Pacing through winter

Advent greetings to you. As we inhabit the longing of the Hebrew prophets and centuries of people yearning for God’s incarnate presence, we wait and practice hope. We wait and practice hope for effective vaccines. Entering the coldest time of the year, we wait and know that the days will get longer, even though the winter be dark.

What’s your plan for pacing yourself through the next few months? I hesitate to even ask that question, to be honest. Right now, in our household and so many others, we’re in ‘let’s make it through the day’ mode. But, preaching to you and to myself, here are a few thoughts that might help structure a sense of agency about our approach to what’s ahead.


‘Practice’ doesn’t mean ‘a new daily obligation to add to your list of things you’re failing at’ (looking at you, fellow sojourners on the distance-learning parenting path). It means, rather, a touchstone. Something you write yourself a permission slip to take, like medicine. A choice to offer yourself God’s love and grace. What are the daily touchstones that help you know yourself to be God’s beloved? Practices of prayer, meditation, silence, breathing, the Daily Office, reading Scripture. If there are others in your household, finding the small moments that communicate love and affection. Connecting with loved ones far away, even briefly.  Practices for physical health but also practices for comfort and gentleness.


 This winter, both meteorologically and pandemic-wise, is going to be a marathon, not a sprint. It will take as long as it takes. And there’s no use wearing ourselves out trying to make it end faster. So (the author says to herself as well), you’re allowed to sleep. There seem to be peaks and valleys in our energy – times of exhaustion that call us to slow down, and then times of renewed energy when we find ourselves doing brave and beautiful work.  You’re allowed to be gentle about what you accomplish, attending to the pacing cues of joy and the body’s feedback rather than the to-do list.

Making friends with darkness

Not my personal favorite. Probably not yours either. And yet the biblical narrative consistently points us back to the promise that God can be found in the wilderness, the places of chaos and loss and destruction. In fact, that God makes a way in that wilderness, a way even in the dark sea. So if we distract ourselves from grief and disorder, we may miss the chance to meet the untamed God out in the unmapped darkness.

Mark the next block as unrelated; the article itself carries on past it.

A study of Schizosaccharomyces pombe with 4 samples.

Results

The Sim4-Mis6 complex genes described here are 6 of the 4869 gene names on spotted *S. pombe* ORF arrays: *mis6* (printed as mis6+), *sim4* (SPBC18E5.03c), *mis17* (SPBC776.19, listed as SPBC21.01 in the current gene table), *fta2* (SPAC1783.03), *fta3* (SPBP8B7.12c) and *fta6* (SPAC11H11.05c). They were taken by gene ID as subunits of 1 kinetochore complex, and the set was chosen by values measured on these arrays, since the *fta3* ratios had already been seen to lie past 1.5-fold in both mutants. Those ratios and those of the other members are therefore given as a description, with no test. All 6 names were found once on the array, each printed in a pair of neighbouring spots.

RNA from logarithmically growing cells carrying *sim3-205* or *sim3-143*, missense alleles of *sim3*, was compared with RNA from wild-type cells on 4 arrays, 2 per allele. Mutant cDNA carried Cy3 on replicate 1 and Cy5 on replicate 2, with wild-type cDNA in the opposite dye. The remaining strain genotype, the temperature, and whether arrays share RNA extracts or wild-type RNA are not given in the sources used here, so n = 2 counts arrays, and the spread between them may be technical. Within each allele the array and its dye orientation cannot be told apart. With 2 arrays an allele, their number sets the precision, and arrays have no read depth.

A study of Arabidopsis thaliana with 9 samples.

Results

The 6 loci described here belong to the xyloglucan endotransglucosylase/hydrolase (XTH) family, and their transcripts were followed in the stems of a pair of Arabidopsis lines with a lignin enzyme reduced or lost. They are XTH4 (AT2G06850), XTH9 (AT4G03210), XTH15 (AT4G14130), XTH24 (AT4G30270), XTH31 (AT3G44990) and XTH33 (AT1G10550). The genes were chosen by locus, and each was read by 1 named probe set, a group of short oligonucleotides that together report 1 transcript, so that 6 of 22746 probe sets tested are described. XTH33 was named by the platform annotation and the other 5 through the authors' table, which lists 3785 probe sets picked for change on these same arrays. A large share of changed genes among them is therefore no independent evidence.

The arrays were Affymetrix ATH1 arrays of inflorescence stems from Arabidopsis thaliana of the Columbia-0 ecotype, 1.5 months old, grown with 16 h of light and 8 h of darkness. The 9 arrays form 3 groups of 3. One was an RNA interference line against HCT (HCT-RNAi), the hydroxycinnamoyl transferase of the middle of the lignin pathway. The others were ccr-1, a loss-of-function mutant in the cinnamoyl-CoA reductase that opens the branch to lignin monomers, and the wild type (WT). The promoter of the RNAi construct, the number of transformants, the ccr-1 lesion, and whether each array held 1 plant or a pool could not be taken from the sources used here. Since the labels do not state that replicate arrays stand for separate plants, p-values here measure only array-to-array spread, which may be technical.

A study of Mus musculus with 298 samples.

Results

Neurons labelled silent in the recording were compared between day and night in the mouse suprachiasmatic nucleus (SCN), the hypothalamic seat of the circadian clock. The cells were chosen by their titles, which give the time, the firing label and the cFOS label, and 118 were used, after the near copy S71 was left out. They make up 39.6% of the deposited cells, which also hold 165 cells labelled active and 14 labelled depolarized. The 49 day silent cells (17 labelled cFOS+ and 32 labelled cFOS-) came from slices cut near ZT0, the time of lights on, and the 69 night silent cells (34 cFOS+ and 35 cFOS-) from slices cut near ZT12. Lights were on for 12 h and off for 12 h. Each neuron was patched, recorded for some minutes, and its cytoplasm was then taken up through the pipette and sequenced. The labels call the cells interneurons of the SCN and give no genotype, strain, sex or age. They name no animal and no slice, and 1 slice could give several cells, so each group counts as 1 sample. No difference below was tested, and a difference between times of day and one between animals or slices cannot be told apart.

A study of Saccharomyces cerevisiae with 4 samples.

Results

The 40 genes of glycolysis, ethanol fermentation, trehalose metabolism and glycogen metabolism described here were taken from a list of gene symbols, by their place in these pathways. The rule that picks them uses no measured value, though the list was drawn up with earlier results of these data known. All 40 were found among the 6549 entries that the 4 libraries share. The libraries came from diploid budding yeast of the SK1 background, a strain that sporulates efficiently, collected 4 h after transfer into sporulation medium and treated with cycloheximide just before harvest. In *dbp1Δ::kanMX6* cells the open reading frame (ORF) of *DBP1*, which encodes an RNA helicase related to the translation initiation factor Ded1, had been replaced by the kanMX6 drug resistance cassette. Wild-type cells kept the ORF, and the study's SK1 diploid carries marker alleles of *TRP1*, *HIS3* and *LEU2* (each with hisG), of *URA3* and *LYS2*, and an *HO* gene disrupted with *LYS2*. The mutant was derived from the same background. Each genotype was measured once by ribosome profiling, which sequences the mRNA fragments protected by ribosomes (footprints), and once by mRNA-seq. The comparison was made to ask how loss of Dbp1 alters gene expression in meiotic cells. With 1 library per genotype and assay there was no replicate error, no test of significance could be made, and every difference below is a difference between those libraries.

In Barbara Brown Taylor’s book, Leaving Church, she tells a story of Reynolds Price, who faced a rare spinal cancer that nearly ended his life. She quotes him – “‘When you undergo huge traumas in middle life, everybody is in league with us to deny that the old life is ended… Everybody is trying to patch us up and get us back to who we were, when in fact what we need to be told is, You’re dead. Who are you going to be tomorrow?’”[1]

There’s a gift in this tough-love pastoral care story – the invitation to claim resurrection, to write a new story. The kind of resurrection gift that is sometimes found in times of loss, change, and grief. To listen to God’s invitation to justice and love. To be willing to be changed. That kind of change is an invitation to new or renewed purpose – another way of describing call, vocation. One way of practicing defiant hope in the face of the traumas of 2020 is to reconnect to a sense of calling.

Practices, pacing, purpose – all of these are at the heart of what we seek to offer in the courses and workshops of the School for Formation. And perhaps in community in your congregation or in one of our courses you might find some new courage to say hello to darkness. As you look at the months ahead, these resources are available to you. If feeding your mind and learning in community with other Episcopalians feels like Good News to you, register now for one of our courses that begin in the new year.

With defiant Advent hope,


[1] Barbara Brown Taylor, Leaving Church: A Memoir of Faith. Harper San Francisco, 2006.